England in June: there’s no place finer – long days, some warmth, hedgerows brimming with foliage you have to snip, herbaceous borders bursting with life, colour and busy insects. Oh, and roses, the scent of roses in every corner.
No time better then for a flowery trip down the country, taking in the changing scenery as hills flatten into fields with big skies, and then onwards as the leafy verges widen out into broad sweeping downs heading off towards the sea. A few days away took me to Stamford and on to Sussex. Secateurs, scissors, apron, buckets, emergency gin and Yorkshire tea all rattling around in the boot.
En route to Stamford I stopped briefly at Doddington Hall near Lincoln, a place I have long wanted to see. Arriving at 4pm, only 15 minutes before the sound of the closing bell, I dashed off in search of roses taking quick photos of anything that took my eye. I must return there soon.
Stamford is a bustling market town, with glorious Georgian architecture – a place I never tire of visiting. Jane Austen missed a trick when she settled for Bath; this town is full of romance and oozes gossip. Three days of wedding work was the reason for my trip here. Working with Miss Pickering – you know who I mean, cleverer than Miss Marple, as flirtatious as Marilyn Monroe and makes exceedingly good bouquets.
I love working for other florists/floral designers/floral artists (whatever the current term is). I enjoy being part of a team, joking, singing, lugging buckets, searching for water, dropping into bed at night exhausted, and I love to see the different ways in which people work. Also, there’s much to be said for not having to worry about whether you have ordered enough flowers.
Enough flowers had certainly been ordered in Stamford. I’ll never know how we fitted an entire flower market, four humans and a whippet into the tiny medieval shop but we did, and we managed to fit in urns, footed bowls and chandeliers too, only stopping each time a passer by enquired “is there a wedding?” and watching as they gamely tip toed inside to sniff the peonies. A short van ride into Rutland revealed a truly magical wedding venue: herbaceous borders in all colours and a white one with dancing foxgloves surrounding the gilt-tipped private chapel, three walled gardens, a lake (sadly no Mr Darcy), and, for unexpected storms, an orangery to work inside. Never happier than with a small collection of tub trugs, I loved helping to recreate those herbaceous borders in Miss P’s designs, filling the chapel windowsills, hauling huge urns outside and placing small gardens on top of the dove grey linen clad tables inside the magnificent marquee. As the bride arrived clutching the most beautiful of bouquets – I suspect crafted by Miss P just before dawn – we took a breather and ate a celebratory Mars bar!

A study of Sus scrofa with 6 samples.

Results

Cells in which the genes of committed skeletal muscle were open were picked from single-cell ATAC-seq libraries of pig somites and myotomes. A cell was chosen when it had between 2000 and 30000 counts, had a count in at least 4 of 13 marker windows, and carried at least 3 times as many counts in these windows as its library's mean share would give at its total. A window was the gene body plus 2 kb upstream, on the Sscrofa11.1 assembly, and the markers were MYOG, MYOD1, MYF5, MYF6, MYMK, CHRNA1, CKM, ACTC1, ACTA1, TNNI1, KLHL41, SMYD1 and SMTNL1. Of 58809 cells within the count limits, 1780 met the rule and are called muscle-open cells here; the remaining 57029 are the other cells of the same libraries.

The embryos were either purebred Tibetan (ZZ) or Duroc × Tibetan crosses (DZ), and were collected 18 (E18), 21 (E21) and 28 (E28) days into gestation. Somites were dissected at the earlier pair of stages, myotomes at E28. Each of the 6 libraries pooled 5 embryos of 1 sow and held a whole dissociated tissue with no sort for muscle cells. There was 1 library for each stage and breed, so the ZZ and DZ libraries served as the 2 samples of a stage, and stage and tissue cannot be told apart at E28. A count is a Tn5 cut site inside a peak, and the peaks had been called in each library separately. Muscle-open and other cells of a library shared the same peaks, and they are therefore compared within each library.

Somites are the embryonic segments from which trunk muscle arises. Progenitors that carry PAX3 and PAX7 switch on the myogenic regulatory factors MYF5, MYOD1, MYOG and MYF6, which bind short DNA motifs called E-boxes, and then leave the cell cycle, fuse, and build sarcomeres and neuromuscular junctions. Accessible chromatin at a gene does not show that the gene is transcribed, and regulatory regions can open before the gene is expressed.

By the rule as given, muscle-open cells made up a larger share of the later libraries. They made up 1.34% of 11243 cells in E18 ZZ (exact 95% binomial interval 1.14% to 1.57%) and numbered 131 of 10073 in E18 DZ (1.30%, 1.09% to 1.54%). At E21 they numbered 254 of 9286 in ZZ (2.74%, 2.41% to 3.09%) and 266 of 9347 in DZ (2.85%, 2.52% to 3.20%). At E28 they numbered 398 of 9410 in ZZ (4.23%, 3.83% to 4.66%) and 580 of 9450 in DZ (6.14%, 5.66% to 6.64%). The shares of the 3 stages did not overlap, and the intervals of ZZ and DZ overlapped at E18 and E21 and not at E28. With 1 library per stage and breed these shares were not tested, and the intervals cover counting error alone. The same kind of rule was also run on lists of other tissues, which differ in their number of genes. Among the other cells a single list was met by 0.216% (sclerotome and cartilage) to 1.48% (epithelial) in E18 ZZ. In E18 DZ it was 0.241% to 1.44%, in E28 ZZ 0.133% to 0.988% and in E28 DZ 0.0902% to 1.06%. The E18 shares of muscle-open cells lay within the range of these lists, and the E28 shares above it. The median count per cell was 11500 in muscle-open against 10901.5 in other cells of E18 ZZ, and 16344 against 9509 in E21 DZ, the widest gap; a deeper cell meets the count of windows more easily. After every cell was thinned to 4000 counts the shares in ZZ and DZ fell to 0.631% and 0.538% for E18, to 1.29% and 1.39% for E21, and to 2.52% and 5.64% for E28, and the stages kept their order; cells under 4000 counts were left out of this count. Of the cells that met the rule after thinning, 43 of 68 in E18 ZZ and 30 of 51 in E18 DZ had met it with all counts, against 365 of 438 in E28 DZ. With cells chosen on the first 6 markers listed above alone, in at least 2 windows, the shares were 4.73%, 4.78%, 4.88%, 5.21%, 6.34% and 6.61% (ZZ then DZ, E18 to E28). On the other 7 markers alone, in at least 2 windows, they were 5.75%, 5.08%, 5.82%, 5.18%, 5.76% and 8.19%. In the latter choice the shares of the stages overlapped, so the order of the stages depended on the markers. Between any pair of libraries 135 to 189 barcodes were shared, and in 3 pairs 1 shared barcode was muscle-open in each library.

And then it was time to head south to Sussex for a short break with the husband I hadn’t seen for days. The car smelled familiar – the scent of Grace, Gentle Hermione, Constance Spry and the Duchesse de Nemoires – and apparently my own Mr Darcy (some poetic licence used here) had decided that they needed to come along in a bucket as they wouldn’t be missed at home – a very generous gardener indeed!
What the English lack in political astuteness they make up for in one area – gardening. Sussex (and Kent) are home to some of the best gardens: Great Dixter; Sissinghurst; Nymans; Parham House. Also, for those who like me are quite nosey, there’s always a chance to catch a private garden included in the National Gardens Scheme. Sunday was a day of cake eating, tea drinking and gentle perambulation around the borders and awe-inspiring rose beds at Town Place.
Monday was a truly memorable day, spent meeting an ex-Constance Spry ‘girl’ and I shall tell more about her separately.
Nymans is a National Trust-owned garden and house/part ruin created by the Messel family. Oliver Messel was a great friend of Constance Spry, which of course intrigued me. The current exhibition there is devoted to Vivienne Leigh: Oliver Messel designed the headpiece she wore as Cleopatra. The florists’ room at the end of the exhibition housed a hat worn by Ms Leigh, but of more interest to me were some covetable Wedgewood vases and a porcelain sink for buckets.
Great Dixter and Sissinghurst never disappoint and at the top of the tower at Sissinghurst I reflected upon the fact that this beautiful garden, created out of nothing, has been with us for years, and that despite the current political turmoil we will always have places like this where a moment’s peace can be found and where people from all over the World want to visit.
In my humble and worthless opinion we saved the best ’til last. Parham House and garden is exquisite. Painstakingly-restored medieval rooms such as the Great Hall and Long Gallery again serve as tribute to everything this country has endured and survived. The painted ceiling in the Long Gallery was designed and made by none other than … Oliver Messel, presumably in the days just after he had been responsible for turning pillboxes into hay stacks and castles in an artistic attempt to outsmart the enemy during the war. We English are so clever!
The gardens have it all – wild meadows; long thoughtfully-planted herbaceous borders; a greenhouse of scented pelargoniums; and 50 varieties of sweet peas (Richard and Judy at no.23 made me chuckle). A perfect place in which to spend a summer’s day.
And now, back to Yorkshire, home to our own garden – full of weeds, and roses.